02 NOV 10 DAVID VIENNA

If you don't already count Elvis Costello among the greatest living songwriters/performers, I'd like you to contact Concord Music Group with your name and address so we can turn you into the authorities because you are clearly a terrorist who hates all things that are good and pure. Before the FBI kicks in your door, I suggest you give Costello's new Hear Music release National Ransom a listen. It might help your case.

From the politically charged title track to the low-down "Church Underground," Costello returns here to what my wife calls "angry Elvis," the voice of his youth that superbly captured injustices and ironies of all stripes with the perspective of a drunken beat poet.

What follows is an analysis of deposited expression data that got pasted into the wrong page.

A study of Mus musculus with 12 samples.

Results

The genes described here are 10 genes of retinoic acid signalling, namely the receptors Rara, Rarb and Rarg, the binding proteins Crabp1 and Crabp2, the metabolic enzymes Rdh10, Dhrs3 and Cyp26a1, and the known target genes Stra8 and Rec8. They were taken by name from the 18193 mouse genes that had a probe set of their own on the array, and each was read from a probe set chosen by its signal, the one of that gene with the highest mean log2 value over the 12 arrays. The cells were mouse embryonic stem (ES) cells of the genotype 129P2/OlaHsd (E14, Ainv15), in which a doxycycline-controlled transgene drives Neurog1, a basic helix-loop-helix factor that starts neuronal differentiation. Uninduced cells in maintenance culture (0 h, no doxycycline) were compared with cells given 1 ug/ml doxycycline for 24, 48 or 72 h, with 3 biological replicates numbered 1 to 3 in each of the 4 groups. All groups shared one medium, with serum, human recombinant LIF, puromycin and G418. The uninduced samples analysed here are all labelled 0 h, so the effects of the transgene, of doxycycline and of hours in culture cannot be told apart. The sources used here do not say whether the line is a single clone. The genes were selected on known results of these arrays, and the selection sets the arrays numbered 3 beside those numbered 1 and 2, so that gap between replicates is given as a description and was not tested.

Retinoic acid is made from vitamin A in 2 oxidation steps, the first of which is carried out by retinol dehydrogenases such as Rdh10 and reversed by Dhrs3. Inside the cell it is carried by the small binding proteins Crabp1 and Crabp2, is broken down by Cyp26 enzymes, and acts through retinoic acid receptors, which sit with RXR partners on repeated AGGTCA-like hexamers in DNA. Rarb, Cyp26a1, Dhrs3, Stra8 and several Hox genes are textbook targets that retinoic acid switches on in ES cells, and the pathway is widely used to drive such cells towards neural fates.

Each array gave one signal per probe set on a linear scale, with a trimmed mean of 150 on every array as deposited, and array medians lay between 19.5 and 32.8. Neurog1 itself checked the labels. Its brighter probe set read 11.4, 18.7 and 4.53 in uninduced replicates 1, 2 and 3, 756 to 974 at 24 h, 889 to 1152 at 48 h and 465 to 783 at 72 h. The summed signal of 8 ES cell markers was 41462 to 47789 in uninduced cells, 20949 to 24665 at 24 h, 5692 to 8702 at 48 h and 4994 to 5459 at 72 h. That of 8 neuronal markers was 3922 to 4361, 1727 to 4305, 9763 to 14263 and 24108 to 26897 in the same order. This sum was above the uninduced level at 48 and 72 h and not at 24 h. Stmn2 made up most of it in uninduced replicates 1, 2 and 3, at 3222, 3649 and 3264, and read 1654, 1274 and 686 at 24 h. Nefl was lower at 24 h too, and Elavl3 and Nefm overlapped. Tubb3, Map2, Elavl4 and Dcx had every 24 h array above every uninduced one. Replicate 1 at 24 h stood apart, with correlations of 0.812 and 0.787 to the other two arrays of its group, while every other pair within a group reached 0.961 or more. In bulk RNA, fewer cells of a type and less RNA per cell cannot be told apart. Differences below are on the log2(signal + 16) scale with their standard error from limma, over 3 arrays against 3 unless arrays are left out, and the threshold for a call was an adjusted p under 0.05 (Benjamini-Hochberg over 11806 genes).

That said, it's not all rants and angst. The whimsical "Slow Drag With Josephine" hearkens to Costello's shady traveling carnival collection Secret, Profane And Sugarcane. And like that previous album, National Ransom was produced by the legendary T Bone Burnett. But the sound on this latest release, though deceivingly modest in arrangement, is thoroughly modern.

As with any Costello work, the lyrics read like layered sheets of fabric, revealing a form underneath hidden in folds and shadows. In "My Lovely Jezebel," he describes a man's romantic folly with painful honesty: "Man is a miserable ape and sad pile of sticks/He comes out swinging, gets in a few licks/The longest of drum rolls for the shortest of tricks."

National Ransom is also available on LP. Get it now. The FBI is on the way.